RAP - Integrated Sensors
Embedded Sensor for Obstacle Detection, Identification and Tracking
The main goal is to co-design an hardware-software implementation of well-known vision-based obstacle detection, identification and tracking algorithms, suited to realistic robotic contexts. This leads to design smart vision sensors whose task is to extract information out of the scene and communicate it to a higher-level processing resource. Such sensors are highly constrained in term of size, power consumption, cost and throughput. Advanced Driver Assistance System (ADAS) and Autonomous Vehicle constitute application fields in which throughput is a limiting factor for the vehicle speed and reactivity (D. Botero’s thesis). The research has been carried along three distinct methodologies: detection by pixel classification; detection by geometric transformation; detection by movement analysis. One of the key aspects of development is hardware prototyping on FPGAs (Field Programmable Gate Arrays) for which the algorithm-level and hardware-level optimizations are prevalent (A. Alhamwi & F. Brenot’ theses).
Hardware Accelerator for Vision Based Localization
This topic explores the design of hardware architectures to speed up existing vision based localization techniques like SLAM, by providing an image filtering front-end to feed the filtering/optimization back-end with high-level information. We have been working on a prototype which implements the whole set of image filtering operations for EKF SLAM. This prototype provides real time, low latency, information on a vehicle embedding a single camera and an inertial measurement unit. It consists in the connection of programmable logic (FPGA) with an embedded processor (POWER-PC). A co-design flow was followed to partition the application between the two resources and evaluate the communication costs at run-time. This helped to modify the existing C-SLAM software to take advantage of the available processing parallelism.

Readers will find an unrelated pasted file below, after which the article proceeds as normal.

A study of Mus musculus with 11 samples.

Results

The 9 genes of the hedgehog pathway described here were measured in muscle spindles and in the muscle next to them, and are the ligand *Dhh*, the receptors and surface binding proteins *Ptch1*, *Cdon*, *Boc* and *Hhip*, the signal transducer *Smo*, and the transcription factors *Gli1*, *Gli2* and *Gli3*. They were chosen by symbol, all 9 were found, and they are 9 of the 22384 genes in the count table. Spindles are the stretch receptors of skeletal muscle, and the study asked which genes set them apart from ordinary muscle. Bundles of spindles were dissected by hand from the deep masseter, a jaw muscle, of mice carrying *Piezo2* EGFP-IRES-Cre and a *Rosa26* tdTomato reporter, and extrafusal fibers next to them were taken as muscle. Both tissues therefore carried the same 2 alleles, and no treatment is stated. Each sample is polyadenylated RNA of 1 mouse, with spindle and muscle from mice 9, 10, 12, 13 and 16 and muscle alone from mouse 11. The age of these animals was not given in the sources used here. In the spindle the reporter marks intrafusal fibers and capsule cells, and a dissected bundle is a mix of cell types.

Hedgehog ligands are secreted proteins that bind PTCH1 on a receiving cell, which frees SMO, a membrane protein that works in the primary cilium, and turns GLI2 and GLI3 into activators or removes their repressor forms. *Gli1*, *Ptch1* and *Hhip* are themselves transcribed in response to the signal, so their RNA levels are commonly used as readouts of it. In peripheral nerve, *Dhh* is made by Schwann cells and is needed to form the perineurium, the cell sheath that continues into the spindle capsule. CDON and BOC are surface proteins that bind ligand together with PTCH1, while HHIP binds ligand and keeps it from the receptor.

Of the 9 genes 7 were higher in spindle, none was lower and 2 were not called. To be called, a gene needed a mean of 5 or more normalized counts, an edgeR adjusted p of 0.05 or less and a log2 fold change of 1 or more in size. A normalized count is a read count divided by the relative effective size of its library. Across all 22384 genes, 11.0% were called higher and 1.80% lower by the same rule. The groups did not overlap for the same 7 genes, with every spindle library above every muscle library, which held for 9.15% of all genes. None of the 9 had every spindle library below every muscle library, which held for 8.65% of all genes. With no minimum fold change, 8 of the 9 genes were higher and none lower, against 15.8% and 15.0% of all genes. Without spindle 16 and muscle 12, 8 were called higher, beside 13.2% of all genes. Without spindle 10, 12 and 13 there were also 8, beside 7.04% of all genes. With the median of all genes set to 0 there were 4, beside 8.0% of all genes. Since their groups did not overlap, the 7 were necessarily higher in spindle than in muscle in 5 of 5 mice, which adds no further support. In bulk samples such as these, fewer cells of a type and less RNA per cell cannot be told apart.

Dataflow based Design Methodology for Hardware-Software Co-design
We have developed a methodology that guides the designer through the application prototyping process to produce a valid hardware-software implementation of a given algorithm. This methodology is integrated in the PREESM software and generates SystemC prototypes from a dataflow description for each step of the design flow. It helps to explore the optimization space for a given application on a given architecture [Pelcat_LNEE2013].
The “Embedded Audition for Robotics” (“EAR”) Sensor
In connection with robot audition, a new System-on-a-Programmable-Chip (SoPC) architecture was designed for our “EAR” smart auditory sensor. A soft-processor and custom hardware modules designed for application-specific operations (co-processors for intensive operations, timers, communications…) were hardcoded on FPGA. This enables an efficient handling of resources, a progressive, flexible and fast development (C/C++-based SDKs, MATLAB/HDL toolboxes…), and a validation at each stage of the workflow. One cycle of MUSIC-MAICE detection-localization now takes less than 25ms. This architecture has also been adapted to binaural audition and MEMS microphones [Lunati_IROS2012].